Re: Proper Rate of Learning LO1302

Fri, 19 May 1995 07:48:26 -0400 (EDT)

Replying to Barry Clemson (LO1276 and LO1275),

I totally agree with Barry's staement that "if we are ever going to get
good at organizational learning, we have got to get past 'resistance to
change' and deal with the operational mechanism".

Along the same line, closely related, is Barry's comment about the need
to make the rate of change "APPROPRIATE"...In this respect, Stafford
Beer's comments concerning the issue of finding the right balance between
moving too fast and moving too slow are right on target.

I first encountered Beer's writings about 25 years ago. In one of his
books he made the (seemingly) outrageous statement that in all of the
universities in the United Kingdom, there was not one that was educating
people to function adequately in working with complex organizations.
About 10 years ago, I met him in the UK and asked him if anything had
changed in that respect. His answer was "no". [My own feeling is that
something now has changed, but this is 10 years later.]

In my own work, some years ago I set out to identify all of the barriers
to effective work of people in groups. As I recall, I found about 27 of
them, and virtually all were "operational", in Barry's sense of the term.

I have incorporated many of them into 17 "LAWS OF DESIGN". One of these
is called the "LAW OF REQUISITE PARSIMONY". This one speaks directly to
the rate issue mentioned in Barry and Stafford's thinking.

This one relates to another one called the "LAW OF TRIADIC
COMPATIBILITY", referring to the work of G. A. Miller and (later)
H. A. Simon, concerning the "magical number seven".


"Every individual's short-term brain activity lends itself to dealing
simultaneously with approximately seven items (a number that is reached
with three basic items and four of their joint interactions). Attempts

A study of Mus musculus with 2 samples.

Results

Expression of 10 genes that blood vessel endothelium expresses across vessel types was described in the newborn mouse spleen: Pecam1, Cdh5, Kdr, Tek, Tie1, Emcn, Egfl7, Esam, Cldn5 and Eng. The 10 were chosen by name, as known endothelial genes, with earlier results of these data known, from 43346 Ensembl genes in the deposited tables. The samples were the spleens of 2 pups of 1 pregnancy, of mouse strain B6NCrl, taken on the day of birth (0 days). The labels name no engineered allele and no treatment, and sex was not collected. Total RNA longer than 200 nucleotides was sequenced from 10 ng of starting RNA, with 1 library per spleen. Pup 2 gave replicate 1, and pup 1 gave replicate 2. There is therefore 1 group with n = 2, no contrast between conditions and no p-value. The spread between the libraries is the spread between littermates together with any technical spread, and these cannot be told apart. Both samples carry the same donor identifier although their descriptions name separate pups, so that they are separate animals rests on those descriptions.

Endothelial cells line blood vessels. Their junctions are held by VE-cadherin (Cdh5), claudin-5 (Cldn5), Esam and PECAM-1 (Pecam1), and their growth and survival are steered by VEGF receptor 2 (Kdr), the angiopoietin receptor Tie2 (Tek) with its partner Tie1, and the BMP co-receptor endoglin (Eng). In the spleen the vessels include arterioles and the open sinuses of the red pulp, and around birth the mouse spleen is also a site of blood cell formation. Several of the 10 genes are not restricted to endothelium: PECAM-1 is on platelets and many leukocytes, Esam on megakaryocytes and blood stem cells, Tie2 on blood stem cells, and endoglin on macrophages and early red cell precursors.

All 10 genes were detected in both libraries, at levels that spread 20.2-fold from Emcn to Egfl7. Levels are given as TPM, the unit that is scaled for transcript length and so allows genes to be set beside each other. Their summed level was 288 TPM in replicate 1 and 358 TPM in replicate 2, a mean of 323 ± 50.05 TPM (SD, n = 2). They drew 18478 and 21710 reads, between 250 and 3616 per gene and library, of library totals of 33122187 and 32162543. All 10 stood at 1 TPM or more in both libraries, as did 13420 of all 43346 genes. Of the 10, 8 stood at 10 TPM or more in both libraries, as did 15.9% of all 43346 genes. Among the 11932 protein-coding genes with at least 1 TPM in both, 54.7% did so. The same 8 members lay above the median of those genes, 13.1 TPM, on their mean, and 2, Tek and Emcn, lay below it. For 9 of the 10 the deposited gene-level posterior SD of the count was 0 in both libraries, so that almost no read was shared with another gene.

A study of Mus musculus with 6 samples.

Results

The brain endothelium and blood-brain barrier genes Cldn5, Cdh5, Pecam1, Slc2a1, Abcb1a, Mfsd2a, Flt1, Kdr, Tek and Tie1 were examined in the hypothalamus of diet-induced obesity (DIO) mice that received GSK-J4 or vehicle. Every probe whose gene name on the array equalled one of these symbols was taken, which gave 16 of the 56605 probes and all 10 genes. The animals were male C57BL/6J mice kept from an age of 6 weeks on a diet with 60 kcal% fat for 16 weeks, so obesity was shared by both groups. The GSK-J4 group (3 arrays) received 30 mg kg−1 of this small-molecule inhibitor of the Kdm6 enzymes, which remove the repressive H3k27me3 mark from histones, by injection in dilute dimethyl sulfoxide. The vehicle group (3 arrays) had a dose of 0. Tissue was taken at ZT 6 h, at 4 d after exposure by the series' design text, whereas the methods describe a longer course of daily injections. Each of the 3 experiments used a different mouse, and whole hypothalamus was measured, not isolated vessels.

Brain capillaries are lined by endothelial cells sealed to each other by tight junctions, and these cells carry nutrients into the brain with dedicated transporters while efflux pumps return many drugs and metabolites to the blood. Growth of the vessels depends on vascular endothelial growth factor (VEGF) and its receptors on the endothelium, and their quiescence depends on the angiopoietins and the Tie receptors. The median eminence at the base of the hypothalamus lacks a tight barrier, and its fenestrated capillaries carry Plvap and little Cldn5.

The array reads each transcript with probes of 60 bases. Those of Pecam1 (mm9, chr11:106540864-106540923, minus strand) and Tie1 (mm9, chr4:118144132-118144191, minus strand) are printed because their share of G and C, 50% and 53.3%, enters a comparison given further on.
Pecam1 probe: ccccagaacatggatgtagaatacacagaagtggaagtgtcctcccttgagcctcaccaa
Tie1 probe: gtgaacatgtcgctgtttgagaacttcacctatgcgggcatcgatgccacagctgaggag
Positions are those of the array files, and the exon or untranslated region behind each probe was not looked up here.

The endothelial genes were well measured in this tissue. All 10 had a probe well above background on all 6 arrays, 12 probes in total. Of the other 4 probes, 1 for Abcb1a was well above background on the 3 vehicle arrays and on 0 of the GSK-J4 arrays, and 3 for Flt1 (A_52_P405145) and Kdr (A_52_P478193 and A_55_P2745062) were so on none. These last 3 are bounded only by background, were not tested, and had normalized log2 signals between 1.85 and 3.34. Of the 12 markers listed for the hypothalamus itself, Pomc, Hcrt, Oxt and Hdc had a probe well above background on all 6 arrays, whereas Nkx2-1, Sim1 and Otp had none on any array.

to go beyond this scope of reasoning are met with physiological and
psychological Limits that preclude sound reasoning. For a given
designer, there is some number K sub d that is characteristic of that
designer which typically is chosen from the set {5,6,7,8,9} that
represents the Limit of that designer's short-term idea-processing
capability. If a design methodology requires a designer to cope
intellectually at any one time with some number of concepts K sub c, thenh

(1) If K sub c is less than K sub d, the designer is underburdened
[here I "snip" some of the detail]

(2) If K sub c equals K sub d, then the designer is operating at the Limit...

(3) If K sub c exceeds K sub d, the designer is overburdened, and no
reliance can be placed on the designer's decisions.

This Law may be most meaningful to those who buy into
"constructivism",since they can interpret the word "design" to mean:
constructing a response in the mind that is accepting of the information
being received.

In the extended discussion of the interpretation of the Law, it is used
to require a definite limit to the rate of imposition of information on
the human being, in order to enable the person to "keep up" with what is
being promulgated at any given time.

Unfortunately, tekkies are constantly trying to "optimize" the rate of
information flow using technology, which can work heavily against this
law, and engender many things, including "resistance to change", and more
violent reactions.

Meanwhile, the people working at Bell Northern Research have conceived
the term "soak time" as a critical variable in organizational learning.